After facing federal funding woes, YWCA Clark County’s program where volunteers advocate for children in court has secured funding for another year.
The nonprofit’s Court Appointed Special Advocates, or CASA, program will get through 2020 in large part due to a $128,000 boost from the county. Community members also donated $60,000 while the National CASA Association contributed $58,000 to build the number of CASAs. Last year, the local CASA program lost about $200,000 in Victims of Crime Act grant funding, so YWCA held a six-month fundraising campaign to fill the gap.
“We are so grateful for the generosity demonstrated by all our partners as we take this organization to a new level of advocacy for children,” CASA program director Sheryl Thierry said in a news release.
CASA volunteers advocate for children under age 12 who are in state care as a result of abuse, neglect or abandonment. Washington requires a guardian ad litem be appointed to represent these children in local courts.
A CASA costs about $1,000 annually compared with $6,000 for a contracted guardian ad litem or $9,000 for an attorney. County Councilor Temple Lentz said the county would have had to pay either way for court representation, and CASAs are the more effective option.
“And there’s the benefit, that it costs less,” Temple said.
By shifting things around, the Clark County Council was able to add $128,000 to its contract with the CASA program, bringing the total to $430,496.
“We’re hoping to see it (the $128,000) as one-time support,” Lentz said. She added that it’s more of a state funding issue, which the council has discussed with local legislators.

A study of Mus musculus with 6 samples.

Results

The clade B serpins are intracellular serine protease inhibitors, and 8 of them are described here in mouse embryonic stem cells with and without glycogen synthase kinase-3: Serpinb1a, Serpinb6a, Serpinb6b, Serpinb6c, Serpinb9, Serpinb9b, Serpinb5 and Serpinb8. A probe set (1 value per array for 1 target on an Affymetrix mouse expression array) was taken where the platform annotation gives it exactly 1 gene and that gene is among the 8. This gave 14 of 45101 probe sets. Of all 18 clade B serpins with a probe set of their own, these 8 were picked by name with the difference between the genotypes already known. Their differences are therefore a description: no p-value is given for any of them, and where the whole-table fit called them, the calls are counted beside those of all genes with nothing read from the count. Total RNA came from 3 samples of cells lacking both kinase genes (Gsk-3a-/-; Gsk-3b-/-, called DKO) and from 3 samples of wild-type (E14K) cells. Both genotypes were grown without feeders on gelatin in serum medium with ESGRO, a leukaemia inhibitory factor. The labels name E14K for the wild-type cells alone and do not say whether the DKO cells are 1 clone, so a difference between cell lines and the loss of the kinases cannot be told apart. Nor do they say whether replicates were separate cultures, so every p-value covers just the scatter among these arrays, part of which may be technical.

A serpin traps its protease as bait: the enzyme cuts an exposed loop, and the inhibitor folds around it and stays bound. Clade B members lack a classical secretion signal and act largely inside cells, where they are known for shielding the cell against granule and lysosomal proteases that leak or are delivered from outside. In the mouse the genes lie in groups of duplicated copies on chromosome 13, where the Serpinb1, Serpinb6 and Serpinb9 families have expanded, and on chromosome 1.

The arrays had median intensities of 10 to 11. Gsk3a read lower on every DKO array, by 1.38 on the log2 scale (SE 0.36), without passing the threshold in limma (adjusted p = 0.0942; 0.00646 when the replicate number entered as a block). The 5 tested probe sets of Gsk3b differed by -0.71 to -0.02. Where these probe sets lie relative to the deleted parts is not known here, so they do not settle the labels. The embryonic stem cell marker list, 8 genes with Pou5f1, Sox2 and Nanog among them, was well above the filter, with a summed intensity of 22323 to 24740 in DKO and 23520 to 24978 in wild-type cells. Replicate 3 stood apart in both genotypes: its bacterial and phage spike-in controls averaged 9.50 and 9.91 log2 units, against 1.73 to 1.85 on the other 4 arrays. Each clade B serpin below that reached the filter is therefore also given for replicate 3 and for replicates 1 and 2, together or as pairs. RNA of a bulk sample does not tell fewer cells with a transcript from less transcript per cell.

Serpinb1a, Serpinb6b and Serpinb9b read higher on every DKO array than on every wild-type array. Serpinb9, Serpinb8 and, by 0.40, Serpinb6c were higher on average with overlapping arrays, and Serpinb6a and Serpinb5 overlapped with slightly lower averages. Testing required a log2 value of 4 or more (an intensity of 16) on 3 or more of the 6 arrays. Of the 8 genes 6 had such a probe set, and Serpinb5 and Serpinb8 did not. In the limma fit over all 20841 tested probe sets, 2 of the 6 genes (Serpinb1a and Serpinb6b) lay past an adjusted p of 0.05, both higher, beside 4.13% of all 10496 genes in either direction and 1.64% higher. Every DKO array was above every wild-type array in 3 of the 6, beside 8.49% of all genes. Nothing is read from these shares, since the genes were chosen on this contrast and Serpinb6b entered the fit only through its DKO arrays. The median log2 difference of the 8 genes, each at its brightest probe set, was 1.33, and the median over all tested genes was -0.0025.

“Our legislators were incredibly responsive to this,” she said. “I am hopeful as we move into next year’s session, we’ll have more time and freedom to work on viable solutions.”
YWCA brought back two CASA employees to advocate for children in court and to assess incoming cases. The goal is to find replacement funding for those positions and build the volunteer base from 130 to 200.
“We have so many kids in care we don’t have enough volunteers,” Thierry said.
Becoming a CASA isn’t for the faint of heart. It requires more than 50 hours of training before becoming a sworn officer of the court — on top of a background check, orientation and interview. Volunteers are asked to commit to at least two years with the program.
“This isn’t a volunteer role everyone can do,” Thierry said.
Still, CASAs helped 780 children or about 80 percent of those in the child welfare system last year. In their role, they talk with judges about what would be in a child’s best interests and try to see that the child gets the services they need.
On Feb. 24, YWCA will head to the capital to lobby for stable CASA funding.